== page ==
Do and Don't Do while Travelling



  1. Remain what you are – friendly, courteous, polite and dignified
  2. Travel in small groups – three to five persons with both genders present.
  3. Bring a book to read when using public transportation – you will not be the only person reading and it is an easy way to fit in.
  4. Make a photo copy of your passport and credit card numbers and keep them separate from your passport and credit cards – give a copy to your family.
  5. Bring your prescription drugs with you in their original containers – don’t pack them in your check in luggage. Also bring additional contacts/glasses or your corrective lens prescription with you.
  6. If you require medicine containing habit-forming substances carry a doctor’s certificate attesting to this fact.
  7. Notify a foreign contact of any medical issues including food allergies.
  8. Carry some identification – a tag, bracelet, or card – if you have a medical condition that might require emergency care.
  9. Understand completely what your health insurance covers and does not cover while you are traveling. Chances are that you will have to pay for services and get reimbursed when you return home unless you have purchased HTH Worldwide Insurance Services, and obtain treatment from an HTH approved physician.
  10. Dial_________________ for fire, police, and medical emergencies.
  11. For serious problems take a cab or ambulance and ask for the nearest hospital.
  12. Only take the credit card(s) you need – you will not need all those other cards that you generally carry in the States.
  13. Mark all your bags inside and out with your name and address – both home address and your foreign address.
  14. Bring two passport size photos and a photocopy of birth certificate and/or baptismal certificate, just in case you lose your passport.
  15. Make a photo copy of your flight tickets – keep separate.
  16. Keep a wallet-sized card with you that includes Emergency Phone Numbers, U. S. Embassy Phone Numbers and other contact information in the U.S. and the countries in which you will be traveling. Leave copies of the card with a contact in the U.S. and abroad.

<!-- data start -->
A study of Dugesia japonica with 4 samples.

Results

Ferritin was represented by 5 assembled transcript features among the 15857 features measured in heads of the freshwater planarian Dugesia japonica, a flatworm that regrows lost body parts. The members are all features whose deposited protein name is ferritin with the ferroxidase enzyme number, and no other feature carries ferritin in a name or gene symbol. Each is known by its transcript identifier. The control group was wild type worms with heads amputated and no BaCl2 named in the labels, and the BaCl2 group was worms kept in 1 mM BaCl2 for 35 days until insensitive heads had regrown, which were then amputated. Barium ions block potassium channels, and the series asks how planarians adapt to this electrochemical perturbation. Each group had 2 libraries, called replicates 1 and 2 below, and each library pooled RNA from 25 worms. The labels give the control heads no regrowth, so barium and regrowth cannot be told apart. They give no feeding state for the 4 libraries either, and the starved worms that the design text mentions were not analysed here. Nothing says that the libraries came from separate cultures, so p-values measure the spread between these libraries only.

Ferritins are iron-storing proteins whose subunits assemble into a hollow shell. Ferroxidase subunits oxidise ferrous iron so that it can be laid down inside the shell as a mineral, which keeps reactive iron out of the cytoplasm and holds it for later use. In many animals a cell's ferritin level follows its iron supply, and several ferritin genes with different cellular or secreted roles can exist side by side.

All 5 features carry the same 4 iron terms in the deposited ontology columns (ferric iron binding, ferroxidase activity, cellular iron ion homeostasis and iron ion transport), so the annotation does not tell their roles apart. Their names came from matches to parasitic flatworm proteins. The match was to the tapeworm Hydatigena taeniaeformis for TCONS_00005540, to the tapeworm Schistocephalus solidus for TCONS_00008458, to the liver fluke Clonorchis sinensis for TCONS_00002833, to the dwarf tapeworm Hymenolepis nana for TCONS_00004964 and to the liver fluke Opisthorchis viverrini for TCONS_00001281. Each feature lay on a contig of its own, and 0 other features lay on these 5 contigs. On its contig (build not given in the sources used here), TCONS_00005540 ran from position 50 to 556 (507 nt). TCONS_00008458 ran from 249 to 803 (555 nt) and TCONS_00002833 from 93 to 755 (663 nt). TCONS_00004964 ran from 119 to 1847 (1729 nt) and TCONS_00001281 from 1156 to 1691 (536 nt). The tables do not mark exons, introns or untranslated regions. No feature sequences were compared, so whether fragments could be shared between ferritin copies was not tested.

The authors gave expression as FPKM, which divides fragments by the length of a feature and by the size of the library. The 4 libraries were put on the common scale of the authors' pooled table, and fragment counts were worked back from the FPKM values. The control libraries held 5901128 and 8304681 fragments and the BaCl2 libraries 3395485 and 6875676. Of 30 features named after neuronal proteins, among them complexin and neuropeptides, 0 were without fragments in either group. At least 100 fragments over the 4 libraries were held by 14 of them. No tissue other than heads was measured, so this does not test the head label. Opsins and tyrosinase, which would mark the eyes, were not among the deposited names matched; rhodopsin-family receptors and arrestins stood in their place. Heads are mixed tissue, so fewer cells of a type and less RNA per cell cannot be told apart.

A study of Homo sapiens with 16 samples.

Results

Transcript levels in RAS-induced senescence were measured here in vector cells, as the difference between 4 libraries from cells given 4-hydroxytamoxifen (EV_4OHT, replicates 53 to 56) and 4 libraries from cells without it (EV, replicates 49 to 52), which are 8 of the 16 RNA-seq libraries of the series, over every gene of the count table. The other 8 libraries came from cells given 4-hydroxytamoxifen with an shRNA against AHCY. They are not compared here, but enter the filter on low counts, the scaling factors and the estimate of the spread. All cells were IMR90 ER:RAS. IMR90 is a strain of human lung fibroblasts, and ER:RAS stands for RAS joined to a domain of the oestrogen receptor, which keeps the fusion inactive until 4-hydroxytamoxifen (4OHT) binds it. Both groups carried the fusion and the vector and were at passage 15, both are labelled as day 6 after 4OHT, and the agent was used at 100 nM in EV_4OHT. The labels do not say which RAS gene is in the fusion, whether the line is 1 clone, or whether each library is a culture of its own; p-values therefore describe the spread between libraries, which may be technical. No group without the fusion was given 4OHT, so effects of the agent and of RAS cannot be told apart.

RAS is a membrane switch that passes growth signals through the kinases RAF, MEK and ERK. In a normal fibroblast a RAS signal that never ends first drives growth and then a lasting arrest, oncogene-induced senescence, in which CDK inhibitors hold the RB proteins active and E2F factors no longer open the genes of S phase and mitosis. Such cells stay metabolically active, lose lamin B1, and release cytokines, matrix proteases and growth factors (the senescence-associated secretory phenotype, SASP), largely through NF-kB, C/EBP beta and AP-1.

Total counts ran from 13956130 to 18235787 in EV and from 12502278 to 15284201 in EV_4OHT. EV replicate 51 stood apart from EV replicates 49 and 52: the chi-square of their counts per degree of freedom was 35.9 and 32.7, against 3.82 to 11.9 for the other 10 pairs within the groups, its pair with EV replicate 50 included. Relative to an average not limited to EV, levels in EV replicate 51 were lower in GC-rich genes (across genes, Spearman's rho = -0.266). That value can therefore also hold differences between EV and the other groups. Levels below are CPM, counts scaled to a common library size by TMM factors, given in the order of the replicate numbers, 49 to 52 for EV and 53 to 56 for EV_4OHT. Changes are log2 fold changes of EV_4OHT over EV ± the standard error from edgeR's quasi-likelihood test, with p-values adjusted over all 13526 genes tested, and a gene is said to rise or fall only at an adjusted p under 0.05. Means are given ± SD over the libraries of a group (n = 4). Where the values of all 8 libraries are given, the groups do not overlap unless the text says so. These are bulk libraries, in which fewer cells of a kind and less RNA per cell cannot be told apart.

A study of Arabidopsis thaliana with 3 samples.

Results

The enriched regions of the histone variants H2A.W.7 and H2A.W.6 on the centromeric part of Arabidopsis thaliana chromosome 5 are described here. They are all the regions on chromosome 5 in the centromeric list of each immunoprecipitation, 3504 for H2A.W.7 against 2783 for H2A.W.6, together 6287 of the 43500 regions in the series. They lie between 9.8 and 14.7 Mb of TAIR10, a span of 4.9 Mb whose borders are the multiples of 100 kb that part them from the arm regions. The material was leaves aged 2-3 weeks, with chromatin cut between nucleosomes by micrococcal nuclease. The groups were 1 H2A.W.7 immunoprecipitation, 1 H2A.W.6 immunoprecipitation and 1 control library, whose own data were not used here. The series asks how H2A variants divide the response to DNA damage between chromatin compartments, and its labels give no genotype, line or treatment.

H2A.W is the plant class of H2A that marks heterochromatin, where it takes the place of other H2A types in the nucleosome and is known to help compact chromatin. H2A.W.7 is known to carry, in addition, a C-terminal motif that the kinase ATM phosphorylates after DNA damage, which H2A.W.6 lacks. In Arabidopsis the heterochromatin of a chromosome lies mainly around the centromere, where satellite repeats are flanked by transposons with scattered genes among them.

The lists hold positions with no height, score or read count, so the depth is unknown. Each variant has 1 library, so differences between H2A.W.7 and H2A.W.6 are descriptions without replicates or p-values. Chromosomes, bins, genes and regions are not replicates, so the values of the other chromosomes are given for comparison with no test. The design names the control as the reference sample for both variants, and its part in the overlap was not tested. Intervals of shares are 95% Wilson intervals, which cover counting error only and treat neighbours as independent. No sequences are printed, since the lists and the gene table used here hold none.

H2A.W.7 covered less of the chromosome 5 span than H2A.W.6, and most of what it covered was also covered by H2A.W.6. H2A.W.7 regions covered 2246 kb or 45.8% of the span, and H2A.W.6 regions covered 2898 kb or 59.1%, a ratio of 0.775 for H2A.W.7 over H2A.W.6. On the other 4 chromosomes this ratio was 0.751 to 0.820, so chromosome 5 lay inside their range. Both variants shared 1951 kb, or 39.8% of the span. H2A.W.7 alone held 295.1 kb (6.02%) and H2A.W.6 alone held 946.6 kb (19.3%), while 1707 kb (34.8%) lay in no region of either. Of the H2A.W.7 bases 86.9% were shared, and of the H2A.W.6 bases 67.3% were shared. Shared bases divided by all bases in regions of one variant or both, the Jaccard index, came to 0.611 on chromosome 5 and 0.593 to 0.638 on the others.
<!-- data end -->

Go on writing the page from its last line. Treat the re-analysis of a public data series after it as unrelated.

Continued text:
17. If you see an unattended package, move away from it and call the police.
  18. Avoid protest groups’ activities and potential volatile situations.
  19. Keep abreast of local and international news that might tell you of potential civil unrest.
  20. Know as much as possible about each country you plan to visit, including it’s history, religion, geography and government.
  21. Report any suspicious person in and around your residence to the Local Police Department.
  22. Check the U S Embassy web pages for travel advisories.
  23. Ask permission before photographing strangers who you find “interesting”.
  24. Use common sense.
  25. For private health care call (Physician’s name, phone number & address)
  26. For dental problems call (Dentist’s name, phone number & address).


  1. Do not wear any clothing with the “Fighting Irish” logo or “Fighting Irish” in print.
  2. Do not become the “ugly American stereotype” – loud and or boorish
  3. * Here are some positive and negative stereotypes associated with Americans:
    Outgoing and friendly
    Loud, rude, boorish
    Hard working
    Sure they have all the answers
    Disrespectful of authority
    Generous Pick out those characteristics that you would like to be remembered by, and avoid the others.
  4. Avoid attracting attention to you – that is, avoid traveling alone or in a large group of a dozen or more.
  5. Do not expect eye contact on the streets in certain countries – indeed, in some locations this may result in “unexpected or unwanted” invitations.
  6. Do not stand and/or plan to gather on the steps of your residence.
  7. Never, ever leave your residence unlocked.
  8. Do not draw attention to yourself when you are returning to your residence late at night.
  9. Do not pack your essential documents or medicines in checked baggage – luggage gets lost.
  10. Never carry large amounts of cash.
  11. Do not bring expensive jewelry with you.
  12. Most places are safe in most countries, BUT don’t wander down dark alleys or into areas that are known to be high risk. Avoid restaurants and entertainment places where Americans are known to congregate.
  13. Also avoid baggage tags that would clearly identify you as an American.
  14. Do not impair your judgment with excessive consumption of alcohol.
  15. Women are sometimes targets of harassment – don’t become a target:
    * Travel with some men
    Dress conservatively
    Do not agree to meet strangers in non-public places
  16. Don’t let your “natural friendliness” be mistaken for flirtations.
  17. Do not lose your passport, it will not be the end of the world, but it may seem like it is.
  18. Do not joke about bombs or about smuggled items – airport authorities will not find that funny nor will you.